February 13, 2015

The home video market makes for an interesting comparison to Hollywood itself. The BD (Blu-ray Disc) and DVD market has much more to offer than just the latest box office smashes. Unlike in cinema, home video routinely sees major tent pole and prestige films being released alongside classic cinema, concerts, documentaries, anime, and other decades-old films you may have completely forgotten about. It’s a lot to keep track of and inevitably, a lot can get lost in the shuffle. That is the purpose of this list; to spread awareness of some of the best home video releases of 2014, whether you’re a burgeoning collector or simply a bargain-bin raider.

Netflix is great, but nothing beats having exactly what you want to watch, exactly when you want to watch it. I’ve mentioned several times in this space that I have a large movie collection, and I’ve been steadily adding BDs to my shelf for five years now. 2014 was a very strong year for the format, with many gems being released from studio back-catalogs and a slew of impressive box sets. This post breaks down into three categories: 2014’s most noteworthy releases; less prestigious releases (that I still appreciated), and finally, my top ten list (culled from titles I have actually collected).

Judging BD and DVD releases is not like handing out an Oscar. While the quality of the film is generally the most salient point of a Blu-ray review, the audio and visual quality presented on the disc, and quality and quantity of bonus features must also be taken into account. The lists below reflect my tastes, not only in the movies themselves, but the effort that appears to have gone into each home video release. Acknowledging that there are literally thousands of releases each year and the impossibility of collecting or even seeing them all, here are the best BD releases from 2014:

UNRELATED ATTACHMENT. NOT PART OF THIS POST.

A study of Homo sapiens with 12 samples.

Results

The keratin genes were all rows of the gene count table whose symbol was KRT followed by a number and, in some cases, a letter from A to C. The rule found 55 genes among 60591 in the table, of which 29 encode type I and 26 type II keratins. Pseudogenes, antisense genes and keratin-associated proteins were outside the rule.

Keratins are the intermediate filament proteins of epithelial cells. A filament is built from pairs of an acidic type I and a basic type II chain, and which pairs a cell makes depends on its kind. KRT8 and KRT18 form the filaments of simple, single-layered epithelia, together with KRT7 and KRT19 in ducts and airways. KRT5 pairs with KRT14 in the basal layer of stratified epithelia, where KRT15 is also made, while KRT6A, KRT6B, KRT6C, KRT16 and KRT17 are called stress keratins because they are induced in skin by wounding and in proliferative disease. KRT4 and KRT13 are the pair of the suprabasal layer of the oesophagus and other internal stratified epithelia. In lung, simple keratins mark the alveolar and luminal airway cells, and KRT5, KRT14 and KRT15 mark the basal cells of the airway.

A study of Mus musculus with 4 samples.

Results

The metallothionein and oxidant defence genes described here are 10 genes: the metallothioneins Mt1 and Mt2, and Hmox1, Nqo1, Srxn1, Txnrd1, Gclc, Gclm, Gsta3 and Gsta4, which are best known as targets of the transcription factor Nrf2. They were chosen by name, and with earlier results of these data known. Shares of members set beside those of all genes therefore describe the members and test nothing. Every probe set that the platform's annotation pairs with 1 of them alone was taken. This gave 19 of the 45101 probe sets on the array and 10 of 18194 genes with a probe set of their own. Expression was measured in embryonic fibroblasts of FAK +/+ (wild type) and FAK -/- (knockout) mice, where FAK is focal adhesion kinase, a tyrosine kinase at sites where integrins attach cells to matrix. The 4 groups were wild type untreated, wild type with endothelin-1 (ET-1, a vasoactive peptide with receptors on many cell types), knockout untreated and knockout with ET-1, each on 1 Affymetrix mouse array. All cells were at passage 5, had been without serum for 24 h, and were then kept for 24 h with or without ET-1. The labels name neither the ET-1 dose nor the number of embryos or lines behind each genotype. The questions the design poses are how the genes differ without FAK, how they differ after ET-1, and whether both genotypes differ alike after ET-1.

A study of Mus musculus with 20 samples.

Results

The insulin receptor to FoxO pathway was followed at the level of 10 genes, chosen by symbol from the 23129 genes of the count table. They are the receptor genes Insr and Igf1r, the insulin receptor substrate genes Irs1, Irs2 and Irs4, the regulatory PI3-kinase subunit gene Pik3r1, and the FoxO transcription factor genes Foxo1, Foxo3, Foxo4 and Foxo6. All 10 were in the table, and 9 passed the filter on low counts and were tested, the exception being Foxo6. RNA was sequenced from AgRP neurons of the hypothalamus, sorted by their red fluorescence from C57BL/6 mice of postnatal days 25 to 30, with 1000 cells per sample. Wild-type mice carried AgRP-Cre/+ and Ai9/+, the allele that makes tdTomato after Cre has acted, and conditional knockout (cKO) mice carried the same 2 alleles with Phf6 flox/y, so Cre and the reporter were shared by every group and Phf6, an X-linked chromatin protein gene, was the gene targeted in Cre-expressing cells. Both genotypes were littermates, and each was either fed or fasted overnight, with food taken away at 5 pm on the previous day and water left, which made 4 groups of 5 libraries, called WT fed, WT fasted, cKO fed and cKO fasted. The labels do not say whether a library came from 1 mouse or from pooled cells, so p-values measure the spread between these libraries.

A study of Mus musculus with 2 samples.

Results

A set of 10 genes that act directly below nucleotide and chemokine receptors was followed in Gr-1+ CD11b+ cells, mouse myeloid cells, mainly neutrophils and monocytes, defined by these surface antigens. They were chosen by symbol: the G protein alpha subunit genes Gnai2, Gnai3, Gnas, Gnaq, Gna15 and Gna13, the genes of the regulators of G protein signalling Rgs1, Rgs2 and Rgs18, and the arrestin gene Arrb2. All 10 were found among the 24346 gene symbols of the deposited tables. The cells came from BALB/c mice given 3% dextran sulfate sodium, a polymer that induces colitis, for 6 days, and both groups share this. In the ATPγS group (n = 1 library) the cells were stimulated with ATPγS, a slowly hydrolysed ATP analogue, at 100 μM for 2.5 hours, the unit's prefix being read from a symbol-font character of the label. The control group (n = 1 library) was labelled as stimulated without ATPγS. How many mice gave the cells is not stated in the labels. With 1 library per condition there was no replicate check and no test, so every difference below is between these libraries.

12 Great Blu-ray Releases from 2014

La Dolce Vita (The Criterion Collection)


The Sopranos: The Complete Series (HBO)

I Love Lucy: Ultimate Season 1 (Paramount)

Twin Peaks: The Entire Mystery (Paramount)

Fargo: The Complete First Season (MGM)

Hannibal: Season Two (Lionsgate)

The Americans: The Complete First Season (20th Century Fox)


Nightbreed (Shout Factory)


The Cabinet of Dr. Caligari (Kino)


Mr Smith Goes to Washington (Sony)


The Act of Killing (Cinedigm)


Nymphomaniac (Magnolia Pictures)


5 More (that you won’t see on other lists)

The Counselor (20th Century Fox)


Dreamcatcher (Warner Bros.)


Mallrats (Universal)


Prom Night (Synapse)


Cannibal Holocaust (Grindhouse Releasing)


My Top 10 BDs of 2014

Robocop (MGM)


The Jungle Book (Disney)


Harry Potter Hogwarts Collection (Warner Bros.)


Rollerball (Twilight Time)


Thief (Criterion)


Snowpiercer (Starz/Anchor Bay)


The King of Comedy (20th Century Fox)


The Wind and the Lion (Warner Archive Collection)


Halloween: The Complete Collection (Starz/Anchor Bay/Shout Factory)


Breaking the Waves (Criterion)


Thanks to Blu-ray.com for images and being an outstanding resource for collectors and enthusiasts.